SAP National Security Services Inc., -- better known as SAP NS2 -- was created to address that very issue. Spun out of SAP, SAP NS2 offers secure cloud services, including NS2 Cloud and SAP Secure HANA cloud, to provide SAP technology organizations affected by FOCI. Cloud services include SAP ERP systems and SAP HANA-based analytics applications. Headquartered in Germany, the company operates outside of SAP's governing structure, with an independent board of directors.
In this Q&A, Mark Testoni, CEO at SAP NS2, and Harish Luthra, managing director of secure cloud business at SAP NS2, discuss the evolution of ERP and dispel some of the myths about secure cloud services for ERP data and applications.
What is SAP NS2 and how does it differ from SAP?
Mark Testoni: SAP NS2 is fully functioning software company that was created to resell and extend SAP capabilities for the national security market. It replicates SAP's functions, but it's totally independent and outside of SAP network systems. It's U.S.-hosted and -based, and a lot of our people are credentialed by the U.S. government or hold some sort of security validation. We do everything from selling the software in selected markets -- national security, defense, intelligence -- to implementing services and product support.
What technology does SAP NS2 deal with?
Testoni: In the intelligence and national security space, a lot of the ERP decisions were made a long time ago, but some are coming back for a relook now. We've had a push on the use of HANA as an independent platform, using the engines and the real-time in-memory capability to do data fusion and to support intelligence. A few years ago, the CIA selected the AWS platform for the cloud, and some in the intel community started to relook at their legacy ERP decisions, so we're seeing some activity there. But a lot of the push has been at the data problem, which is an important factor for all businesses.
There's still a perception that the cloud is not very secure, especially for public sector entities. Can they use secure cloud services for data and applications?
Testoni: The cloud is first and foremost an architecture and there are lots of flavors of it, but cybersecurity may be the most misunderstood issue. Back in 2009, the CIO of the federal government proclaimed the government would be cloud first. This takes time, but eventually they're moving in that direction. So cloud architecture capability is alive and well in the government, including in the most sensitive areas for business. When the CIA put up its own private commercial cloud on AWS, that sent a big message. There's been a tremendous amount of activity [around the cloud] in the last few years, and the government has set up a whole body of standards and requirements to operate clouds.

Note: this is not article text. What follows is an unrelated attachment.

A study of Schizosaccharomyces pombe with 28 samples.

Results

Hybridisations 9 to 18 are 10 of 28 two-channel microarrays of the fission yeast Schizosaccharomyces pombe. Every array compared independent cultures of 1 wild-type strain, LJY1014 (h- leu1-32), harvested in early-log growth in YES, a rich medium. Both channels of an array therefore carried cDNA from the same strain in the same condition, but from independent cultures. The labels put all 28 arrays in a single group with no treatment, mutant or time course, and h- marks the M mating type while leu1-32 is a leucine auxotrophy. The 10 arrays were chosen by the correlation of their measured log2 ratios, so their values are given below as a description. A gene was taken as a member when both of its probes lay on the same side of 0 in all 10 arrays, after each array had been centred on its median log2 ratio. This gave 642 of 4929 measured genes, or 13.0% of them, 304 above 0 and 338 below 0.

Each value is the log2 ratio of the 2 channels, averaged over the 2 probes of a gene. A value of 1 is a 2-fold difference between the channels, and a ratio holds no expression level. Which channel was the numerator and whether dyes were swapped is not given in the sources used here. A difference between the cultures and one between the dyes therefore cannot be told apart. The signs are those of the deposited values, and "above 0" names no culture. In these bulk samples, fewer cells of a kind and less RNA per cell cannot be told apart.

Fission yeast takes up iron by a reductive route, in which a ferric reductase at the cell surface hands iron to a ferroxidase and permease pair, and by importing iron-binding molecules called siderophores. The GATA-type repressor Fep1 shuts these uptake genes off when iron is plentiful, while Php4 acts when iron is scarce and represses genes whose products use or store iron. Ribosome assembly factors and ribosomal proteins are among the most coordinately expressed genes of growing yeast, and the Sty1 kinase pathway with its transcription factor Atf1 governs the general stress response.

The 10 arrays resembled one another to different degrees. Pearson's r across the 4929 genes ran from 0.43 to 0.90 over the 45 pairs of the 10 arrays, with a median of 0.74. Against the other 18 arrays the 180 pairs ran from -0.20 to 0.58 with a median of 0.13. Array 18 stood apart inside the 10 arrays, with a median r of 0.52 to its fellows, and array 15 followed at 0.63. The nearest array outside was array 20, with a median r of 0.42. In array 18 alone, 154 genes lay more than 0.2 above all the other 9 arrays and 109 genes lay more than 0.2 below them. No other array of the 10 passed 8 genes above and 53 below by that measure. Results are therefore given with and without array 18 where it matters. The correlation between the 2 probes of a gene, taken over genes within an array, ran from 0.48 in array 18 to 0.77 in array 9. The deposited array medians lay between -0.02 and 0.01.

Do you find some organizations are still reluctant to go to the cloud? How do you respond?
Harish Luthra: There are a lot of myths about going to the cloud. There was a senior leader in the U.S. Army [who was resistant to going to the cloud], but we kept working with his office and providing information. Within three months, he was totally turned around. He came to us and said, 'I need to know how fast you guys can move [us] to the cloud.' There is reluctance out there due to bad information, so it's really an education issue.
Testoni: The Office of the Secretary of Defense has started an initiative called JEDI [Joint Enterprise Defense Infrastructure], which basically creates a cloud environment for the Department of Defense. There's nothing quite like an OSD level initiative to force the subordinate military departments into action. As OSD announced that it was going to drive [the adoption of] a common cloud environment, all of the individual military departments got very aggressive in going to the cloud.
How does SAP NS2 work with public cloud providers like AWS and Google Cloud Platform?
Luthra: We're working with these hyperscalers -- AWS, Azure and Google Cloud Platform -- for architecting what our offerings are going to be on top of these platforms. There are three benefits customers can get from the cloud: better performance, lower total cost of ownership, and the applications are up and running all the time.
What's in store with next-generation technology such as AI or advanced analytics?
Luthra: Technology is evolving, and a lot of these organizations have monolithic systems that are hard to get data out of. One of the trends we're seeing is to take the business transactions out [of ERP systems] and put them in areas where the business can take advantage of the data and the functionality that's available. AI, machine learning, IoT is all part of this. If you look at ERP systems, HR data and human capital management data is coming out of it, supply chain data is coming out of it, asset and predictive maintenance data is coming out of it. Organizations, whether they're government or commercial, want to make sure that whenever they need to extend new technology -- whether it's machine learning, AI, IoT or blockchain -- they can use those technologies to improve whatever they need to do.
Testoni: From a business perspective, the cloud is just the next generation of internet-enabling technologies. In its basic form, the cloud is just fences, guard-dog servers, and orchestration software. There will be a heterogeneous environment of on-premises applications and cloud. But the goal is to pick up our smartphone like we do today when we want to something on a personal level, and to conduct business securely on the same device. The only way we're going to get there is through these applications. SAP has talked about the intelligent enterprise, and that's being extended into the customer experience intelligent enterprise. The only way we're going to get there is through an ability to share this digitized data. The cloud is the enabling platform that can pull all of these parts together.